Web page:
What security risks do you face when connecting to an (possibly foreign) RDP server? Opening an unsigned RDP file triggers the following warning:

The remote connection could harm your local or remote computer.

RDP is a one way street, right?


1 Answer 1


If the server's identity cannot be trusted, it is possible that you are subject to a man-in-the-middle attack. If that happens, an attacker can potentially read and/or alter your RDP traffic in either or both directions.

Having a MitM on RDP is just as bad as dealing with one on a web session, if not worse. Anything you send to the remote system - keystrokes, mouse activity, file/clipboard transfers, etc. - can be monitored and recorded by the attacker. Additionally, the same can also be altered by the attacker. Traffic coming to you is just as vulnerable. The attacker can see and hear all of the output from the remote system, as well as possibly alter it in transit. They could use this to inject malicious payloads into file/clipboard downloads or take over the session. Any local resources you share (e.g.: printers, local/networked drives, etc.) are put at risk as well.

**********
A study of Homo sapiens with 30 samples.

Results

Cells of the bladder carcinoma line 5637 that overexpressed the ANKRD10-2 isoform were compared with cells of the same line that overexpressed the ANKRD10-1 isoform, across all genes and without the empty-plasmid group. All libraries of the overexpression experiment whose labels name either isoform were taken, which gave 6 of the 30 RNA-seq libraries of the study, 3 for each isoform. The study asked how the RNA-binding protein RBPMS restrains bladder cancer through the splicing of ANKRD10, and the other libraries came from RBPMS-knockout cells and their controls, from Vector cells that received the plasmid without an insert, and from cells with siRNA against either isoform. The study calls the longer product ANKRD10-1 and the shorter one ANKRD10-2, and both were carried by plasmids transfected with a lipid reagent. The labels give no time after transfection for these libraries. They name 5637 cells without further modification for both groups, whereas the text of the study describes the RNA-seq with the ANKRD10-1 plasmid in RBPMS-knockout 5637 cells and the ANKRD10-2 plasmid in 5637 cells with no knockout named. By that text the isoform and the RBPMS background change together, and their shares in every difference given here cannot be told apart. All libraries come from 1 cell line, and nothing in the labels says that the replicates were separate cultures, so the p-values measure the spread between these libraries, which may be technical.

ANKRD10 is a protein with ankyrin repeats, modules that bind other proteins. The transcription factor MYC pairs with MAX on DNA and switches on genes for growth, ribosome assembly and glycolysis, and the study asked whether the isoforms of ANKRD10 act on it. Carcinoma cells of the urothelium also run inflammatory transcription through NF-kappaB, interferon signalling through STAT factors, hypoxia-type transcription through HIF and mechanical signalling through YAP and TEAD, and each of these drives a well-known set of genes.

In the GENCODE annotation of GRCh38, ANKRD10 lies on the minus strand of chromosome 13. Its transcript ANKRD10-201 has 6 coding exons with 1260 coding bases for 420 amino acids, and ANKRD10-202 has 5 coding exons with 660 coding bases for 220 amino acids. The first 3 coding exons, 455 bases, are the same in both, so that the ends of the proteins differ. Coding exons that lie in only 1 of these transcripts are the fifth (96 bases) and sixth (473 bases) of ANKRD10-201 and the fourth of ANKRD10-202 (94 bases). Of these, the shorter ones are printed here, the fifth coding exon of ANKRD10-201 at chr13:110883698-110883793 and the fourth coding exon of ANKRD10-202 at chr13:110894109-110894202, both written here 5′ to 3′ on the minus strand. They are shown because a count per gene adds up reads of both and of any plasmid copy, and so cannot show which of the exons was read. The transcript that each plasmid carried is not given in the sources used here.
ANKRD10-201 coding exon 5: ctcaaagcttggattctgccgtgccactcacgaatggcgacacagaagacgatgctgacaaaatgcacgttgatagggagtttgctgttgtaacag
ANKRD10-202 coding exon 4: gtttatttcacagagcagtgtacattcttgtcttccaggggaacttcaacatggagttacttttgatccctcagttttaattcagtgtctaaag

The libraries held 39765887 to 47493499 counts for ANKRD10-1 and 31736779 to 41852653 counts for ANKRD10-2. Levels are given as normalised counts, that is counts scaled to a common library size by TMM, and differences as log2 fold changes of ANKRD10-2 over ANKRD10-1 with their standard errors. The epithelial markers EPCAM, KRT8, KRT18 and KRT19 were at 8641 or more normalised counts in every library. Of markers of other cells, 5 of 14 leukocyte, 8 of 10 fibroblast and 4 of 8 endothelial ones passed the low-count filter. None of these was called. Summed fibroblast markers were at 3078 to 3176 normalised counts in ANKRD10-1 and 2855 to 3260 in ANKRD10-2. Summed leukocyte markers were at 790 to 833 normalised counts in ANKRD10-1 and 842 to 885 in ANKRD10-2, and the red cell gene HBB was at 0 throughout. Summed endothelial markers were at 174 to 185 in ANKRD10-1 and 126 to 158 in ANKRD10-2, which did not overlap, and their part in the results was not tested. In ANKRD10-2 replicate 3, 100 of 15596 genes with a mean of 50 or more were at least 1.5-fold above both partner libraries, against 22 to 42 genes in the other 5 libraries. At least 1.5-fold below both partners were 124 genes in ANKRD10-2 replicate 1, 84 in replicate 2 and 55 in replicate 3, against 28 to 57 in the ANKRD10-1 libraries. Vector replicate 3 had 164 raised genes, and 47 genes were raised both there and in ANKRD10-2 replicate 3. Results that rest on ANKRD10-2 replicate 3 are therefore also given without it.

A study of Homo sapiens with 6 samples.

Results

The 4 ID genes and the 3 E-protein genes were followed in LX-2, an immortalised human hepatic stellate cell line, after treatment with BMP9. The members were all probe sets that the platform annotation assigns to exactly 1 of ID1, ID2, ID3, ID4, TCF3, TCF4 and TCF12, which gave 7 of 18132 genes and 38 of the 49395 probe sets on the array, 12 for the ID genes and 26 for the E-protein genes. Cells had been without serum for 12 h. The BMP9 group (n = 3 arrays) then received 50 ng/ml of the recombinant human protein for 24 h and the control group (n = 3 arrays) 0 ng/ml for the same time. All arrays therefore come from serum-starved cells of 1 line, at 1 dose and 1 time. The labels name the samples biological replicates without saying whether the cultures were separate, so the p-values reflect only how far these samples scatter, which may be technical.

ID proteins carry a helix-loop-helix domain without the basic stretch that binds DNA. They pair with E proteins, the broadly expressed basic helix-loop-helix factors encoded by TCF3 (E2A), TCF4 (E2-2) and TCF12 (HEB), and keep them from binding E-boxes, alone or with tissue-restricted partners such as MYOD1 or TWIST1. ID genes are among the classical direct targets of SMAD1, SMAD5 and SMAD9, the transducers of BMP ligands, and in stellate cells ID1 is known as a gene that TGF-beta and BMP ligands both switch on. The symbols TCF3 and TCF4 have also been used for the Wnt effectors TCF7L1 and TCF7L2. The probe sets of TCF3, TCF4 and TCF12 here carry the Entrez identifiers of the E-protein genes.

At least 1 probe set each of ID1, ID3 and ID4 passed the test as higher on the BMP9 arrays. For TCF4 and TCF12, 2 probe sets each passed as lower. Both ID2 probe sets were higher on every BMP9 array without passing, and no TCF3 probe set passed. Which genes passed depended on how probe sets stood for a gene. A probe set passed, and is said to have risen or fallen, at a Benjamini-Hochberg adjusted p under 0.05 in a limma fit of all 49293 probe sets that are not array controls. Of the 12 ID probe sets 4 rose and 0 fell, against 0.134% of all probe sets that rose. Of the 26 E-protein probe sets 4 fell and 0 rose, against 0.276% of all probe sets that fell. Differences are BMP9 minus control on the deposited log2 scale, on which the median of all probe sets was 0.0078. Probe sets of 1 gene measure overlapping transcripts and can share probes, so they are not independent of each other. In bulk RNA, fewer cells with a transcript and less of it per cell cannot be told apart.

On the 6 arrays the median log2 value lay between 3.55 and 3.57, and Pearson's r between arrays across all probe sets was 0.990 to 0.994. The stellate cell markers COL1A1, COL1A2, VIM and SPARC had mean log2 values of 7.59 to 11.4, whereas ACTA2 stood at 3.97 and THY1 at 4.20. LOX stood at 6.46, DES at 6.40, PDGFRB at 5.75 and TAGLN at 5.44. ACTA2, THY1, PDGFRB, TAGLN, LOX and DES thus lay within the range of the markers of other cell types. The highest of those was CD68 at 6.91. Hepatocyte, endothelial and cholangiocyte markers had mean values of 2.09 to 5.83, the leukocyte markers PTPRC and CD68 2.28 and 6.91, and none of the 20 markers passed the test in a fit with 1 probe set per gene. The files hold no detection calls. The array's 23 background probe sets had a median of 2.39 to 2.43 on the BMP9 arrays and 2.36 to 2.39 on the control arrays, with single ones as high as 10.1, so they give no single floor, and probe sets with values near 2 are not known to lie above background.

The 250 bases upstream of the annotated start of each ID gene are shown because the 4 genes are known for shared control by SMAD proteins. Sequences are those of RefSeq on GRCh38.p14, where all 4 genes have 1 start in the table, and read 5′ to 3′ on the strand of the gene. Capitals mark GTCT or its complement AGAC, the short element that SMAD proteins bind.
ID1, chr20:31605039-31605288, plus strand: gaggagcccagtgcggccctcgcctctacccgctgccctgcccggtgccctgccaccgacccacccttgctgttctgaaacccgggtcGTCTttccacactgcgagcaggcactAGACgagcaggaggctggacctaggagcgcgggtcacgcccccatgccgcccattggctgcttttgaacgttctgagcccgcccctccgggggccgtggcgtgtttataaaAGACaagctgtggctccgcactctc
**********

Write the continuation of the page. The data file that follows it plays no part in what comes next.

That being said, most of these warnings are probably benign. The most common reason for seeing this is because the system is using a self-signed SSL certificate instead of one from a trusted Certificate Authority. This is the default configuration for all Windows systems, and usually is not changed except in very security-conscious business environments.

If you want to be sure whether you can trust a self-signed certificate, you need to check the certificate on the system locally first. Note the certificate's fingerprint while logged in locally, then compare it to the fingerprint of the certificate presented over RDP when you try to connect.